This is a cautionary tale for nature lovers and acorn collectors…
One dull winter evening, as my husband and I were getting our three-year old and one-year old ready for bed, my husband called my name with a sense of dread. I was trying to dress my wriggly infant after bath time and I knew by the tone of husband’s voice something was terribly wrong. I kept shouting “What!” from my baby’s room when my husband emerged (after what seemed like a decade) pale-faced and with his fist clenched. He opened his hand to reveal what he found in my three-year old’s room – bugs.
I may be a macro insect and spider photographer, but I’m not trained in entomology and my insect identification skills are admittedly lacking. We both panicked. Could these be maggots? Could they be moth larvae? Indian meal worms? Clothes moths?
We scoured my son’s room for additional bugs and found a total of four. We found the four small, white grubs in the same location between the carpet and baseboards. We secured them in a small plastic food storage container and put our boys to bed – my husband reading to our toddler and me singing our infant to sleep in separate rooms.
As soon as our baby dozed in my arms, I began frantically searching the web for identification leads. The more I searched, the more I panicked, thinking we’d have to spend the following day tearing closets and cabinets apart looking for additional bugs. I was sick to my stomach. I texted my husband in the next room over to let him know I thought the bugs looked like beetle larvae, not moth larvae, but neither of us were convinced… until…
More info: Facebook
The four small, white grubs we found in my son’s room
As soon as I got my son snug in his crib, I took some photos of the bugs and posted them in an entomology group on Facebook. Within minutes, I started getting identification tips. The first person suggested the bugs were maggots and said we should clean my son’s room, suggesting we were slobs. The next comments were more helpful. People said they looked like weevil larvae and asked if we had plants in the house. While we have two lowly houseplants, they live on our first floor, no where near my son’s room.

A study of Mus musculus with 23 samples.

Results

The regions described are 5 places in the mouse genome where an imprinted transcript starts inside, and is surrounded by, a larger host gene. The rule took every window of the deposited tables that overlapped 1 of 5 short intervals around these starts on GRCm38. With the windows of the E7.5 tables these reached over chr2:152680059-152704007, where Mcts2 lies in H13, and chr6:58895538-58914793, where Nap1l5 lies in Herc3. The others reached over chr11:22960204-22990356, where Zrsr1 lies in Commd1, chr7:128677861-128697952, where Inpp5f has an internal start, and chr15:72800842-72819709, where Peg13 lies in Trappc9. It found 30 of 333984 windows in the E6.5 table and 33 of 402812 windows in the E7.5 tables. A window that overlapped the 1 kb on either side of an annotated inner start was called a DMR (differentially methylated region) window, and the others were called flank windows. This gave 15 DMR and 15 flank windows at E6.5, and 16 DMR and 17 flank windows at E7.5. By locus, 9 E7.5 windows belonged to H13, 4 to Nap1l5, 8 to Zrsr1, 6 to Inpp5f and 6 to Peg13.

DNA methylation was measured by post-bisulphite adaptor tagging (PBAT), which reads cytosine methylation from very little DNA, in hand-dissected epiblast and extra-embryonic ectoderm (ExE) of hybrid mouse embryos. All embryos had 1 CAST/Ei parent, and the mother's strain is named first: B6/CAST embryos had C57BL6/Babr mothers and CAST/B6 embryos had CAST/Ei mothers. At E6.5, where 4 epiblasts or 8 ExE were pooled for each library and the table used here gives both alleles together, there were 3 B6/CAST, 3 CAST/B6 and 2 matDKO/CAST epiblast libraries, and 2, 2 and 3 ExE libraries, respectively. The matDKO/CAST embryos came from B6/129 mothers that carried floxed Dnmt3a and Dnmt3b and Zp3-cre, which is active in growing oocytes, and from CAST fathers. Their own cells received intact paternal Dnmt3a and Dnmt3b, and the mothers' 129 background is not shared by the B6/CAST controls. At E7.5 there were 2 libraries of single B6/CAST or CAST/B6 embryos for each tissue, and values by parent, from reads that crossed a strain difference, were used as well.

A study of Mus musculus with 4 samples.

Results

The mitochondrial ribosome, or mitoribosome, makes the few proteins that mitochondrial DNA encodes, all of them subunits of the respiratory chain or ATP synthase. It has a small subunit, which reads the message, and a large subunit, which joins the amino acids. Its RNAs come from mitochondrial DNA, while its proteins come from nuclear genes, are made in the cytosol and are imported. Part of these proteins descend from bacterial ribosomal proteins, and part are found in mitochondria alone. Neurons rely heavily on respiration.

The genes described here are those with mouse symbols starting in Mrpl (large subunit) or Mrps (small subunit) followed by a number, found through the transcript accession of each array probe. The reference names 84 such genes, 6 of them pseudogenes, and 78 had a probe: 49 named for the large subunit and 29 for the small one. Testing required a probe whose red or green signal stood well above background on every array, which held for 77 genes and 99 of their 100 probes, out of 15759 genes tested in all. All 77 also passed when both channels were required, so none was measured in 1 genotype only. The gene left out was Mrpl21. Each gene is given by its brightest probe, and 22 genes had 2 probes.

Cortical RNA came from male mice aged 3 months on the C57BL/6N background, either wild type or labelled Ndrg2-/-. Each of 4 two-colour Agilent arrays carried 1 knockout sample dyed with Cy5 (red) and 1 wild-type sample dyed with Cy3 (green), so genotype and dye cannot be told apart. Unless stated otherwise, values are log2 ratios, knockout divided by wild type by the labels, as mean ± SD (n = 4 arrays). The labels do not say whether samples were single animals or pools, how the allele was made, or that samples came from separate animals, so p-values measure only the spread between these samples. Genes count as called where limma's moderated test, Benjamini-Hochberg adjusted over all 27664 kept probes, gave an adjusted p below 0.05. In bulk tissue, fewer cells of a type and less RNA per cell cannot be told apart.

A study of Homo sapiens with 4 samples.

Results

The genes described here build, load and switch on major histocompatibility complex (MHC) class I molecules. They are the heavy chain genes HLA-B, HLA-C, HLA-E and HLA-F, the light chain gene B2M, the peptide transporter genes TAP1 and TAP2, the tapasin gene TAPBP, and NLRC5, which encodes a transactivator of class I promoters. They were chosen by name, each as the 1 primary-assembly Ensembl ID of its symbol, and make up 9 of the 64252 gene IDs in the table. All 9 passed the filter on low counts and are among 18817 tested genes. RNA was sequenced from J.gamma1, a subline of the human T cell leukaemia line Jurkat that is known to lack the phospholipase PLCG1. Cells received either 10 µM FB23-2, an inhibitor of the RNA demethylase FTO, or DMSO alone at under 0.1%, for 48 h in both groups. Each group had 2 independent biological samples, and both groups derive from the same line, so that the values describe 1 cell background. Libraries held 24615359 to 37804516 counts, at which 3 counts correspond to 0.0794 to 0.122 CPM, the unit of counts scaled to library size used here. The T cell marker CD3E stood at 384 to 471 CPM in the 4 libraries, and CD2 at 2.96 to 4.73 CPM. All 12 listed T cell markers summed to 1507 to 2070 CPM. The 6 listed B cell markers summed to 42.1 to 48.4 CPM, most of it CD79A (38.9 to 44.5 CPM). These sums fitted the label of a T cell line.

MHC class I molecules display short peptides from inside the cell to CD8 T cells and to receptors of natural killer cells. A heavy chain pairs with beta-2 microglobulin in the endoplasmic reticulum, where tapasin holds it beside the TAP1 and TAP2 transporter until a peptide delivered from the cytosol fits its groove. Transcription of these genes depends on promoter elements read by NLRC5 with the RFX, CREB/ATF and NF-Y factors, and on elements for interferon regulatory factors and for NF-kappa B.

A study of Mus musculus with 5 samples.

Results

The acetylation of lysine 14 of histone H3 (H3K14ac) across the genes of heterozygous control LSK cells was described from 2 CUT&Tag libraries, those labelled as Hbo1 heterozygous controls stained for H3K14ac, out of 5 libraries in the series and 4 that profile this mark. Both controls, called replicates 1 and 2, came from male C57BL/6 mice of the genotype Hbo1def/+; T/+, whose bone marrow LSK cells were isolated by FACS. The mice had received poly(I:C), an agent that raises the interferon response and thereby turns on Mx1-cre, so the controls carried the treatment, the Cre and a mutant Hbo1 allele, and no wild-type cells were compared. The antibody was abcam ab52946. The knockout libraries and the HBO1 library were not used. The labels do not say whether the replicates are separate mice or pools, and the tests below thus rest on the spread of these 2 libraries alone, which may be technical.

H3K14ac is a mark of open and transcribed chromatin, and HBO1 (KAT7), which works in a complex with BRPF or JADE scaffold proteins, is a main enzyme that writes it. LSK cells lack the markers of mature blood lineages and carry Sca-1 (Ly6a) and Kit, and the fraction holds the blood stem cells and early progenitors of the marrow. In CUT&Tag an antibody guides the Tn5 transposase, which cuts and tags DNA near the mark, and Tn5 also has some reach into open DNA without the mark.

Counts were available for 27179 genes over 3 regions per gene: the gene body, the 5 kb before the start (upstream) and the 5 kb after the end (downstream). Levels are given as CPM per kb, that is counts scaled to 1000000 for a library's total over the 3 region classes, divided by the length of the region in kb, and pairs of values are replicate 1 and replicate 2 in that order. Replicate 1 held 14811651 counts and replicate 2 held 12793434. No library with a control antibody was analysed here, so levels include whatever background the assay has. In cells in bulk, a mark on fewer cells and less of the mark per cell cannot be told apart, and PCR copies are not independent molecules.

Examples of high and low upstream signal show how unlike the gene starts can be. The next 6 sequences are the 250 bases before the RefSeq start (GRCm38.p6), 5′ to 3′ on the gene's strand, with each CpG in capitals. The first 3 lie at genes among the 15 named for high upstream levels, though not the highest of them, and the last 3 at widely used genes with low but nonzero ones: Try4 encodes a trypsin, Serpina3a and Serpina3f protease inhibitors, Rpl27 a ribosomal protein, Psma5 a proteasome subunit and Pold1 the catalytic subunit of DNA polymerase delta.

People started asking if we keep houseplants or nuts/seeds in the house
I started searching the web for photos of weevil larvae and clicked on the first photo that closely resembled our grubs… Acorn weevils.
Things started to click in my brain. I vaguely remembered collecting a single acorn a few months earlier and giving it to my son. I thought to myself, “Where did that acorn end up?”
Then it dawned on me… I remembered we placed the acorn on my son’s bookcase.
Acorn on my son’s bookcase
I tiptoed into my toddler’s room as he soundly slept. I fumbled in the dark to find the acorn sitting inconspicuously on the shelf. I turned on my phone’s flashlight and, upon turning the nut over, noticed two small holes and a small pile of frass. Acorn weevils!
Through Facebook, we identified the culprits
I snapped a quick photo of the holey acorn and posted it on Facebook. I then put the acorn in the plastic container with the grubs. People thought the turn of events was hilarious.
Our new pets
People suggested we create a nice little home for the grubs to pupate and wait to see if they emerge in the spring.
Cozy home for our new acorn weevils
So that’s exactly what I did! We love bugs and I love teaching my sons about nature so I thought this would be the perfect little project!
Grubs in the new mason jar home
I collected some soil from under my oak tree and created a little home in a small mason jar. I used fabric to cover the jar so the insects can get fresh air and placed the jar in my unheated garage for the winter. Since the grubs pupate in the cool soil outdoors, I wanted to keep their new home as close to nature as possible.
The grubs soon began to bury themselves in the soil
Within just a few minutes, the larvae buried themselves in the soil, where they will spend one (or possibly two) seasons before they emerge as adults.
People loved reading the crazy Facebook thread
In the end, I posted photos of the grubs’ new home on the Facebook thread and people loved it. After all, it’s a group of entomologists so I expected no less!
I hope to continue the story of the weevils this spring when they (hopefully) emerge as beautiful adults.
If you make a habit of collecting acorns and bringing them indoors, keep them contained or you may end up with your own little insect pets!